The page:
Would knowing how much water you used each day, as opposed to only knowing your total for each month, as shown on your water bill (a month later), help you to conserve water? One company thinks so, and their app aims to give consumers access to their own data in order to spur water conservation at the household level.
Considering the extreme drought conditions that have affected California for three years running now, water conservation ought to be a high priority for people living and working there. In some instances, innovative solutions are in place at the water source, or where high water usage is obvious or necessary, but on the smaller scale, in homes and yards, much more can be done to continue to reduce water waste and consumption.
But water bills are kind of funny, at least if you just get a basic monthly bill from your utility, because it's simply a bulk number of how many thousands of gallons of water used overall, and then perhaps broken out for pricing if you're in a tiered water cost system. By the time you get the water bill, any actions you could have taken to reduce your usage, and hence your bill, are going to be almost a month behind. If you have a leaky pipe somewhere not very obvious, or a hose or sprinkler system is left on overnight, you may not know about it before a huge amount of water has been wasted.
One solution is to go read your meter at the same time everyday, and manually track it, to get an idea of how much water you've used each day.
But there's a better option, at least if you live in California, with the Dropcountr app.
Apart from installing a smart water sensor in your home, the Dropcountr app could be the next best (and easiest) solution for almost real-time access to water usage data, allowing consumers to make better decisions about their daily water use. When people estimate about their own water use, they often pick a figure that's only half of what their actual usage is, so knowing how much water was actually used, and when, could be a huge help in understanding home water consumption and conservation.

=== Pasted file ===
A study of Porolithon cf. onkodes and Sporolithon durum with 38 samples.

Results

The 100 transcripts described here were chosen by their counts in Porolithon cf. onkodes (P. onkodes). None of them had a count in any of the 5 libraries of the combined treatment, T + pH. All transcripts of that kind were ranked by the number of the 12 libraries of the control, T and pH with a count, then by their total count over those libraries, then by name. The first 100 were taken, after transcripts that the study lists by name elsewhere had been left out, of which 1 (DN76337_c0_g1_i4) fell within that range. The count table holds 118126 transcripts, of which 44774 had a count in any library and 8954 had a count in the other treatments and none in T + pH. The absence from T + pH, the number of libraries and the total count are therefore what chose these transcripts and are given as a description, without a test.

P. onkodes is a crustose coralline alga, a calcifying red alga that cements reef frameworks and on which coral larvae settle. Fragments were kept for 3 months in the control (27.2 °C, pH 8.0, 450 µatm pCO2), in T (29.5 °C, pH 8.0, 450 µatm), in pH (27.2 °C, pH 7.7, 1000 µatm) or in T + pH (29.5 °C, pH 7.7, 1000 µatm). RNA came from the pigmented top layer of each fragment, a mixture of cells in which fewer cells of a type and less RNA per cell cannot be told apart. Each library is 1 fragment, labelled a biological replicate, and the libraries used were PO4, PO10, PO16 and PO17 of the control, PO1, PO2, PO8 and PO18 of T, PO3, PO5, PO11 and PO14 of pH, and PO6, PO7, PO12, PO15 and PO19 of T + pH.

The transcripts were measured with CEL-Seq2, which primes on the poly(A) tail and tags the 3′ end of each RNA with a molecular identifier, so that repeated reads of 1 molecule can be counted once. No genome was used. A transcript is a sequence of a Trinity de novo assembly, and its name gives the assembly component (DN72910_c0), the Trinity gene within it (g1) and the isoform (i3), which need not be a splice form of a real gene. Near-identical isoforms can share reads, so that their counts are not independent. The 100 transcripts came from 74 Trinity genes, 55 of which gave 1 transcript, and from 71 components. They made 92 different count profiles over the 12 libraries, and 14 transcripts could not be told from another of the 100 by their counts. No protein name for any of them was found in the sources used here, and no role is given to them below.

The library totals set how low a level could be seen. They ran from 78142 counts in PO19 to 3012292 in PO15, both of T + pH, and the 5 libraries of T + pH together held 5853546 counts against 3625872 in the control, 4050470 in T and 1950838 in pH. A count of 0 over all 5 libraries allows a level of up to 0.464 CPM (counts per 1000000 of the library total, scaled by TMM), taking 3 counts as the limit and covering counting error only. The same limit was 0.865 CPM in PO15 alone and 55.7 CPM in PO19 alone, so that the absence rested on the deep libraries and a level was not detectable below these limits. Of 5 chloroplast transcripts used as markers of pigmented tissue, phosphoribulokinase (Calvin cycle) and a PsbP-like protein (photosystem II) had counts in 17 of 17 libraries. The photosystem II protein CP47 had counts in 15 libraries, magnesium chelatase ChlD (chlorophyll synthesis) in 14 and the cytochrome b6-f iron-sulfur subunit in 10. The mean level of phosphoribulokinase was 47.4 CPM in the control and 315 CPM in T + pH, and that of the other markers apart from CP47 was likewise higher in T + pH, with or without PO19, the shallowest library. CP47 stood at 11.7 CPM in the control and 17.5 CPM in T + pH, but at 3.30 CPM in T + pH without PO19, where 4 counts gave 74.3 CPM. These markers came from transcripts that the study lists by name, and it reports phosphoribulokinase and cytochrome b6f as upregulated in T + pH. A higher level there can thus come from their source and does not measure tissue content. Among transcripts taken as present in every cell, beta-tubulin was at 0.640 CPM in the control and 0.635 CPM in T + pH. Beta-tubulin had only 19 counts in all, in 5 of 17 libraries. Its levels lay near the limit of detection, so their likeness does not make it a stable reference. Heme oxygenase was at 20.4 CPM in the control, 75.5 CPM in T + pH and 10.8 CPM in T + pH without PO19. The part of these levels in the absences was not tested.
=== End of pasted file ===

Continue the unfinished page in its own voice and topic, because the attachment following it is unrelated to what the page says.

When signing up, users are asked to connect the app to their water utility (so if you don't live in California, it won't work for you), which can then be "poked" by the app to retrieve the customer's daily water data. The basic idea is that if we can see a direct correlation between our daily activities and our daily water usage, then we can make better decisions when it comes to water conservation. The company's behavioral-based water conservation angle is right in line with the trend of easier access to data (at least our own data), which is helping us to measure more aspects of our lives, in order to meet our goals.
"We've seen clear and positive results of what happens when you provide energy customers the digital tools and access they need to monitor and control their energy consumption. What we're doing at Dropcountr is providing that same level of access for water." - Robb Barnitt, CEO of Dropcountr
Dropcountr, in addition to displaying daily water usage, also features tips for conserving water, access to rebates, water conservation goal setting and tracking, and the ability to directly message their water utility. Users can compare their own water budget and actual water usage with that of others, and see trends and spikes over time, allowing them to better understand their own water footprint and take action to reduce it.
The app is free, and only currently for iOS, with the Android version coming next month. Water utilities that may be interested in partnering with Dropcountr in their area can request a demo via the website.